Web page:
A student of mine recently was interested in finding out if a selection technique another teacher uses to choose a random "volunteer" was in fact fair.  One of the teachers in my school uses a simple finger game to choose a student who then has to be the first person to do their presentation.  Each student puts up between 0 and 3 fingers, the total number of fingers is found, and then the teacher chooses a person (usually someone in the corner of the room) and starts counting out students, until the total number of fingers up is reached.  This is supposed to be a random way of selecting a student, my student wanted to verify that this is in fact true.

He did a bunch of research on probability theory, learned about tree diagrams, conditional probability, and a few other more advanced probability techniques, all with the aim of understanding the notion of random selection.  He came to me for some help, and with about 30 minutes of discussion, we outlines a method for solution, with the idea in mind that in fact the random selection technique is not fair.  It turns out that in the two player version of this game, odd numbers come up more often than even numbers, out of 16 possible outcomes, odd numbers come up 8 times, even numbers 8 times, but one of those even numbers is 0, which if it comes up has to be discarded and the process restarted.  If there was agreement that one was going to add one to the final answer, and include 0 as a possible response, perhaps this game would be fair.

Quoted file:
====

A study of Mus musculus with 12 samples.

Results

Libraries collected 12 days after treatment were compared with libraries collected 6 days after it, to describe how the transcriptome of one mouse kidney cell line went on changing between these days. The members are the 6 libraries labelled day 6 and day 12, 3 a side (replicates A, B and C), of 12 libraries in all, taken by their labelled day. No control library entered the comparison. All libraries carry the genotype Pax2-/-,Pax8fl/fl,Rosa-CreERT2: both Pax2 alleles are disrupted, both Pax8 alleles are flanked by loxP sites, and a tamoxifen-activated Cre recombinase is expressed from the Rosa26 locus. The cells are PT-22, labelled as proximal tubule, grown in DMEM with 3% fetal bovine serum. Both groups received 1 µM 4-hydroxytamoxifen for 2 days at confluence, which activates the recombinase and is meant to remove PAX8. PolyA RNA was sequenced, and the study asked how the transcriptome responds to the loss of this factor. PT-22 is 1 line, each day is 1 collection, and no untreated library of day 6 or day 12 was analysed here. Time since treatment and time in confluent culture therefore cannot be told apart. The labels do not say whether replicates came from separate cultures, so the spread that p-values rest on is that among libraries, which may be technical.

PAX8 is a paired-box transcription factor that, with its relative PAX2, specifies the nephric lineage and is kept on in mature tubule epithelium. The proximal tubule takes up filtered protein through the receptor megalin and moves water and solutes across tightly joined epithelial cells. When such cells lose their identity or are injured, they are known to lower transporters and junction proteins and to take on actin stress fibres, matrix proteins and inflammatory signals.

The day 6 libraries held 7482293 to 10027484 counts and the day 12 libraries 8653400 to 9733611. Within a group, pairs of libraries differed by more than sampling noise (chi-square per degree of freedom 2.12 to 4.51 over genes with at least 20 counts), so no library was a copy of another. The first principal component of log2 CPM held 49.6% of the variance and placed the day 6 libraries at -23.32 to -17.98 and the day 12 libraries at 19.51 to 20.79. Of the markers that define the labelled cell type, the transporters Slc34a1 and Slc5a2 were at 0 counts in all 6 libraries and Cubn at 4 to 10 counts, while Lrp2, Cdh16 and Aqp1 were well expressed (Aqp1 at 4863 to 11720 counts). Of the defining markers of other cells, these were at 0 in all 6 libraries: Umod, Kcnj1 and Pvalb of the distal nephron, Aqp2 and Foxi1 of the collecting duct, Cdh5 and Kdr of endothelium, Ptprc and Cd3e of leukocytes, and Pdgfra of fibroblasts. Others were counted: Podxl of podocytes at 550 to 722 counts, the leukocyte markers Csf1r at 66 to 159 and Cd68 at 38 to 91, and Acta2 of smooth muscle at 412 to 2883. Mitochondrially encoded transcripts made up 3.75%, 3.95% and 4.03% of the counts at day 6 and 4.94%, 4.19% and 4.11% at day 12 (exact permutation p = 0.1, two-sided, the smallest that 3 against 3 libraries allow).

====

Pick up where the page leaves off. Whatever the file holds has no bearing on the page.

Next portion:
He also observed that each possible outcome for each student doesn’t happen with equal frequency because of human selection bias, and moreover that some students will tend to always choose the same number.  Given this additional information, it seems clear that this technique is far from random.  The student plans on writing up his analysis of this idea and presenting it to the teacher to open a dialogue about his practice.

Students need freedom to explore these kinds of ideas. At the end of the year we will be doing a unit on probability, and I have agreed that if the student writes up an analysis of this problem and submits it, I’ll use that analysis as his assessment for our unit on probability, regardless of whatever other projects I have planned.  His project definitely fits within the sphere of probability and is more advanced than what I plan on covering, so why not use it?  Clearly he is demonstrating his understanding of the concept.  If we provided this amount of flexibility in all of our courses, it seems clear to me that students will benefit.